Once masters of the universe, or at least the commodities universe, major traders like Noble Group and Glencore PLC are now suffering from the fall in commodity prices. In theory, a trader could make money in a rising or falling market protecting their position in a bear market by hedging their exposure, but in practice some elements of the price can be hedged and some cannot.
According to the Financial Times, Noble Group’s profits before interest and tax in its metals and mining segment fell 98% in the first half of the year; particularly hurt, the newspaper says, by the collapse in physical delivery premiums causing massive write downs on aluminum positions. In the US, the Midwest Premium is down 67% this year, an unhedgeable exposure position takers in the industry have had to take on the chin.
Premiums Fall, So Do Profits
In Europe, the premiums are trading near levels last seen in 2010, barely above $100 per metric ton. While in Japan, premiums for third-quarter shipments were agreed at around $100 per mt, compared with $425 in the first three months of the year.
The FT quotes a trader saying, “It’s a pretty nasty drop. What happens is, all the big boys have gotten crushed. They’re sitting on stock which then becomes worth a lot less, so you’ve got to mark it down.”
Why the delivery premiums fell so far and so fast is eloquently summed up in an article by Reuters’ Andy Home some weeks ago. The collapse has all the hallmarks of a collapsing bubble and, like most bubbles, wasn’t sparked by one event but several impacting in parallel.
First, the LME aluminum warehouse rule changes, first muted and then finally implemented, initiated behavior changes by the warehouse operators, reducing load-out queues and slowing new deliveries. At the same time, the stock and finance trade moved increasingly to off-LME market storage reducing pressure on premiums by reducing demand for LME warehouse space.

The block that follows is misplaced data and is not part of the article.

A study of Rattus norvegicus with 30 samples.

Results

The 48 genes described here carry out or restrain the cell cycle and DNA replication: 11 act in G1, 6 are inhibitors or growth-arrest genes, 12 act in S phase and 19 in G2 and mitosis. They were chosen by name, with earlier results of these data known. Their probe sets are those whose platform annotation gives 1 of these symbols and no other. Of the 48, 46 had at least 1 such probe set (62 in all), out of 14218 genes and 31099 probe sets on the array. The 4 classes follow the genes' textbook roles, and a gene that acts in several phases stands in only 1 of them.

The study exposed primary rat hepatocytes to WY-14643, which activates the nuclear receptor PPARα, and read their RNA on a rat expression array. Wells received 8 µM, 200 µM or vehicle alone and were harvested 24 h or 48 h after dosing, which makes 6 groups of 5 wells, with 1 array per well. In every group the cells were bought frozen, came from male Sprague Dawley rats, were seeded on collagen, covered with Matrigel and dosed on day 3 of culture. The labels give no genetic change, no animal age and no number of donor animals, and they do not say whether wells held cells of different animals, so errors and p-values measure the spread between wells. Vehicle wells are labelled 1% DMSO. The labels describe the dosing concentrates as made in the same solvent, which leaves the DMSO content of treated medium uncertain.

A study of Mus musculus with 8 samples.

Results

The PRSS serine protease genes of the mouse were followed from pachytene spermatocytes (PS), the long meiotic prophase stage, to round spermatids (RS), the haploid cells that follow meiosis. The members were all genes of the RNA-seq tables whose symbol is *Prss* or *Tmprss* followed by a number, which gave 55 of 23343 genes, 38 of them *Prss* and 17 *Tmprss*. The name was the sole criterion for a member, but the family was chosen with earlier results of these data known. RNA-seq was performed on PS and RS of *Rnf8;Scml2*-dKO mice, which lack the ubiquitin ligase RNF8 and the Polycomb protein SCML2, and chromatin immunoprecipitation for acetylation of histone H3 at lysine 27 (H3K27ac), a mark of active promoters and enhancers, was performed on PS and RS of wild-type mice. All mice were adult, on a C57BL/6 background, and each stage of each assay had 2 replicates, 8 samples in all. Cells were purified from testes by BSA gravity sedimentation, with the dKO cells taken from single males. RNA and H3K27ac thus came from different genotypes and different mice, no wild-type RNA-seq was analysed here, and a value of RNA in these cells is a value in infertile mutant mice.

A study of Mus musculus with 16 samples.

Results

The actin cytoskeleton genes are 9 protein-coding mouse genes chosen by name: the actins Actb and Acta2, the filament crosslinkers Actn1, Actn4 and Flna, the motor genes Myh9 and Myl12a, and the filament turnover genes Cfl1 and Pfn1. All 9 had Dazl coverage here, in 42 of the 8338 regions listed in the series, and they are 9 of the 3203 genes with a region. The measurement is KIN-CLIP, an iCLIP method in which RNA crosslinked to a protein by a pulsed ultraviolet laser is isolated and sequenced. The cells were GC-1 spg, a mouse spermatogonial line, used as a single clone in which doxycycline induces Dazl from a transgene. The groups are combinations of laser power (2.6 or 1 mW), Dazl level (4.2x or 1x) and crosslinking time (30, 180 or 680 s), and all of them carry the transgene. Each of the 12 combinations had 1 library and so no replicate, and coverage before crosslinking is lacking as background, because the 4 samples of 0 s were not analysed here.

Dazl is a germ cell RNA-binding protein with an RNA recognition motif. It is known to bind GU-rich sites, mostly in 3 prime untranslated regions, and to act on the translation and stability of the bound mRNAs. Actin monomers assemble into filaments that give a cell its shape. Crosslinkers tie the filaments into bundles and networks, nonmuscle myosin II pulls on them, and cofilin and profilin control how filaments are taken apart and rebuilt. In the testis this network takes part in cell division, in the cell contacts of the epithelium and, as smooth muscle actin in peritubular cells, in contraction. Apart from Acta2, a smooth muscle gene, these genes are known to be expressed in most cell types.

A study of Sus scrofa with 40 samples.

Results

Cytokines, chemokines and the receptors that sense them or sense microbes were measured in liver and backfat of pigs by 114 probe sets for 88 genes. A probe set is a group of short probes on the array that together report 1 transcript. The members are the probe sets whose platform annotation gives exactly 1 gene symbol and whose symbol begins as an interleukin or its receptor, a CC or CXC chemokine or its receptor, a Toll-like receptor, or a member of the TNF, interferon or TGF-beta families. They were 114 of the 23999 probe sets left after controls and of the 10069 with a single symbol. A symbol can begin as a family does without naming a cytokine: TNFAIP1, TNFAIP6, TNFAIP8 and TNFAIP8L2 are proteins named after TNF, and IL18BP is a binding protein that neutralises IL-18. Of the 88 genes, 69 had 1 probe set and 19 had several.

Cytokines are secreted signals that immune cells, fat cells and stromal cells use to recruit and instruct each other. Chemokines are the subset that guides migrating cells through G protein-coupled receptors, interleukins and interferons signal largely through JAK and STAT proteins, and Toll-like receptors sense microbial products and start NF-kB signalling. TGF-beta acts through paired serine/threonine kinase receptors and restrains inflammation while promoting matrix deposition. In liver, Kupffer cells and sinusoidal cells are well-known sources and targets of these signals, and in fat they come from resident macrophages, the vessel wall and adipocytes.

Meanwhile, that once lucrative stock and finance trade – the cause directly or indirectly of the load-out queues and high premiums – has become less attractive. As recently as 2013, the LME curve structure could generate a gross rate of return of up to 12% for holding aluminum for 15 months, according to Home.
That’s a mouth-watering return in a near-zero interest rate environment. But as the contango collapsed, that delta between spot and 15 months evaporated and the trade dried up. Metal that was soaked up in the tens of thousands of ton lots was suddenly no longer in demand and available to the market. As a result, premiums collapsed.
As this graph shows, the physical delivery premium peaked when the spot-to-15-month spread was highest and collapsed with the contango to its current position.
Opportunity With Falls In Premiums
The severe writes downs in the traders’ fortunes is in part a reflection of these heavy premium falls. Of course revenues are down on falling prices and demand is soft although 4-5% growth today in China is, in volume terms, still the equivalent of 12%+ back in 2006-7, so real demand hasn’t collapsed.
As we wrote recently, though, China’s own production in some commodities has been on the rise and, as a result, Chinese imports are down while GDP growth has remained positive. That, too, will have impacted traders earnings as China has been the engine of commodity demand behind which most miners, traders and processors have been firmly hitched.
Once these falls in prices and premiums are behind us, after the market has bottomed, traders’ margins should improve. Most analysts are putting a sell recommendation on the likes of Glencore, which sounds a bit like shutting the barn door after the horse has bolted. The brave may be watching more closely for the time to buy.